Los Angeles City Council passes motion to improve hate crime reporting – NBC Los Angeles

LA City Council on Friday passed a motion to improve the city’s systems for people who must report hate crimes, citing a disparity between the number of such crimes reported to law enforcement and the number reported to the non-profit organization Stop AAPI Hate.

The effort was led by Councilwoman Nithya Raman, who introduced a motion passed in November for the Department of Civil + Human Rights and Equity and the Information Technology Agency to report on ways to improve access to report hate incidents, including through a dedicated mobile app or the My311LA app.

As a result of the report, City Council voted Friday for the City Administrative Officer to identify funding to build capacity for 311 staff to include providing trauma-informed training for staff. of 311 addressing hate reporting calls, as well as funding opportunities to support improvements in hate reporting, address the needs of victims of hate crimes, improve the effectiveness of bystander interventions, and support research partnerships to study the feasibility of a reporting application.

“I am very committed to this work: the sharp increase in hate crimes in Los Angeles requires informed policy decisions and broad mitigation strategies. But it is difficult to move forward without more reporting and better data that allows us to understand hate crime trends,” Raman said in a statement Friday. “Implementing the recommendations in this report will help us take the next steps in our city and help us develop culturally appropriate responses, including increasing investments in hate crime responses that go beyond of law enforcement alone.”

The motion also directed the Department of Civil and Human Rights and Equity, the Information Technology Agency, and the Los Angeles Police Department to provide quarterly progress reports on the implementation implementation of expanded reporting scopes and the integration of hate reporting data.

“Hate cannot have a home in Los Angeles. I am so grateful to leaders like Council Member Raman for working to protect our most vulnerable and ensure that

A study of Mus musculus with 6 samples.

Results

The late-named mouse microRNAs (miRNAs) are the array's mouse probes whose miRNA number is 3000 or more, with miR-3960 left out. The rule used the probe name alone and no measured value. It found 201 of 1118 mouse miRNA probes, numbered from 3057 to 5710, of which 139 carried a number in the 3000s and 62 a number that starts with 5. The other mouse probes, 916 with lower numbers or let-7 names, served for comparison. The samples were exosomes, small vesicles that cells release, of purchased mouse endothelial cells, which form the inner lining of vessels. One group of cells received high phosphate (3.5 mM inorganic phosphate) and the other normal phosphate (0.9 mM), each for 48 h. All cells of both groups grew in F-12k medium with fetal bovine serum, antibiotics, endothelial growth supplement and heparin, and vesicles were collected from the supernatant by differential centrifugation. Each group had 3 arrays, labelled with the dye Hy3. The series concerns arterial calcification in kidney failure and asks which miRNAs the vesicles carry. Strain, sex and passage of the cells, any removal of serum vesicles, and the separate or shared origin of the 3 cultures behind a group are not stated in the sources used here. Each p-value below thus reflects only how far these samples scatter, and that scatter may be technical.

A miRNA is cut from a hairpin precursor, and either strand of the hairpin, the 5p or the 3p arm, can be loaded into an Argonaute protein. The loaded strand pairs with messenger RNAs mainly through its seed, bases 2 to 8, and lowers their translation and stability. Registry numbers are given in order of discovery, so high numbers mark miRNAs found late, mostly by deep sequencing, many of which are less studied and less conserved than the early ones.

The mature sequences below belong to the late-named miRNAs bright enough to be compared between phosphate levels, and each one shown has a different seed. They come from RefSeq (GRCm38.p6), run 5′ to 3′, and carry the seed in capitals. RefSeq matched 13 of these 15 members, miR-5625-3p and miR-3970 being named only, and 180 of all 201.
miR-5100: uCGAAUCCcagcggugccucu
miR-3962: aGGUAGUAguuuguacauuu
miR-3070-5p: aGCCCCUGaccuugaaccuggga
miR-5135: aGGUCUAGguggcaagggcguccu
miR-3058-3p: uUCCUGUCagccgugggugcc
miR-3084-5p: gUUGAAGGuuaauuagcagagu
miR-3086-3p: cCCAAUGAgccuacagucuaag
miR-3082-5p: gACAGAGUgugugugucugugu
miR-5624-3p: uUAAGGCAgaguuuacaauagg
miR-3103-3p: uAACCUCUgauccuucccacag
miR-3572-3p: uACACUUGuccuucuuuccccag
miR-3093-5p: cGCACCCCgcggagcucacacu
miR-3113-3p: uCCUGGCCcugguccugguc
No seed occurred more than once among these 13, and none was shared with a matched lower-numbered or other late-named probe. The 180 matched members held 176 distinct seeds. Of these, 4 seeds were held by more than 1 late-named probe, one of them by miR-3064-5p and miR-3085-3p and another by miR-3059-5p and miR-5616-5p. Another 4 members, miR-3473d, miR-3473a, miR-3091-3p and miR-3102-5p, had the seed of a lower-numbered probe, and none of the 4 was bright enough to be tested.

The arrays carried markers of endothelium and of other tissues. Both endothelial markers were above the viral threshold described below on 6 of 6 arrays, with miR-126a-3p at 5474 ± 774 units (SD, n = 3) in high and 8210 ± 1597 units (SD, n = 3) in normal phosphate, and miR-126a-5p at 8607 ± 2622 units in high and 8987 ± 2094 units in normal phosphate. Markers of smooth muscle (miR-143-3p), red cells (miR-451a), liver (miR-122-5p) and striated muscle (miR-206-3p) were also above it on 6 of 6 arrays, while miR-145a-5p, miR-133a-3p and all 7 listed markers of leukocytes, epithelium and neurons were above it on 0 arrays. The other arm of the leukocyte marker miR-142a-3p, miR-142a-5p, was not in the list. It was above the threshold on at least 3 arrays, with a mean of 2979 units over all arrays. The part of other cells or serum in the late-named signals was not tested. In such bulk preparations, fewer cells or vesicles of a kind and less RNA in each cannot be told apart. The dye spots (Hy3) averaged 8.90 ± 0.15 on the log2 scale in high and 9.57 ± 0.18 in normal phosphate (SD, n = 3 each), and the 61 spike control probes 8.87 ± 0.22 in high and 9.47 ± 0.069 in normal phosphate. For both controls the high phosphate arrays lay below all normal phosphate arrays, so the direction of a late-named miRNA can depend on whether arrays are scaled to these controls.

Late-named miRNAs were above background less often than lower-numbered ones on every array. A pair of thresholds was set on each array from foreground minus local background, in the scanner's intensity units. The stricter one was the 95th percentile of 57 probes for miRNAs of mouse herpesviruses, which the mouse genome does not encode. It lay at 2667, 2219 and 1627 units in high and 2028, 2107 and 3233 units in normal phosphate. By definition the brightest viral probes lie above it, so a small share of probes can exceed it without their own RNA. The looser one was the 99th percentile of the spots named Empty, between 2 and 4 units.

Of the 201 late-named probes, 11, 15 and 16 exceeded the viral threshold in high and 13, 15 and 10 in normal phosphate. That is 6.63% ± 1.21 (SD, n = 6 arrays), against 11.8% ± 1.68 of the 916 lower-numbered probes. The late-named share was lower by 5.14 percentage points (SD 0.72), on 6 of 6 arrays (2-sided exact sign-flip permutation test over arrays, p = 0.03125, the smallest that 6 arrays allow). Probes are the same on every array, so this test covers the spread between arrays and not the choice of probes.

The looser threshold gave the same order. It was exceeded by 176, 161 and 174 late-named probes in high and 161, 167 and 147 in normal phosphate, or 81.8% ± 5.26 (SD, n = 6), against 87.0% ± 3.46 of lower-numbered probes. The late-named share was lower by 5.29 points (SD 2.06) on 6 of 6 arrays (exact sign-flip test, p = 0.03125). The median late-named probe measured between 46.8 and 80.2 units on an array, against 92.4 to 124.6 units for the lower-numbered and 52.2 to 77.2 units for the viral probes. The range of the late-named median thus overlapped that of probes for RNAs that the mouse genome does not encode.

Los Angeles is a national leader in hate prevention,” said Capri Maddox, executive director of the LA Department of Civil Rights. “Today’s vote will allow us to better track and respond to hate crimes, as well as develop models for hate intervention and prevention. It’s just one way to build an LA for everyone.”

Raman said in November that although the Los Angeles Police Department records hate crimes and hate incidents, comparison data from nonprofits shows a huge reporting gap.

“That means the LAPD numbers are likely a drastic undercount, and it’s preventing us from developing better policy, it’s preventing us from making resources available that can actually target hate crimes,” Raman said in a statement. november.

Reported violent crimes against Asian Americans doubled between 2015 and 2018 nationally, and the LAPD reported an increase in LA in 2020, when 15 hate crimes were reported against the Pacific Islander community Asian Americans, up from seven in 2019. In 2020, the city had a total of 24 hate incidents and hate crimes reported against Asian Americans.

Meanwhile, the nonprofit organization Stop AAPI Hate reported 245 hate crimes and hate incidents in Los Angeles County in just seven months of 2020, from March 19 to October 28.

“These shortcomings may be due in part to fear of reporting to law enforcement, a lack of awareness of the rights and resources afforded to victims, and barriers to accessing official reporting sources,” said a motion presented by Raman in September. “Historically, the only direct reporting mechanism for hate crimes and hate incidents in the City of Los Angeles was through the Los Angeles Police Department.”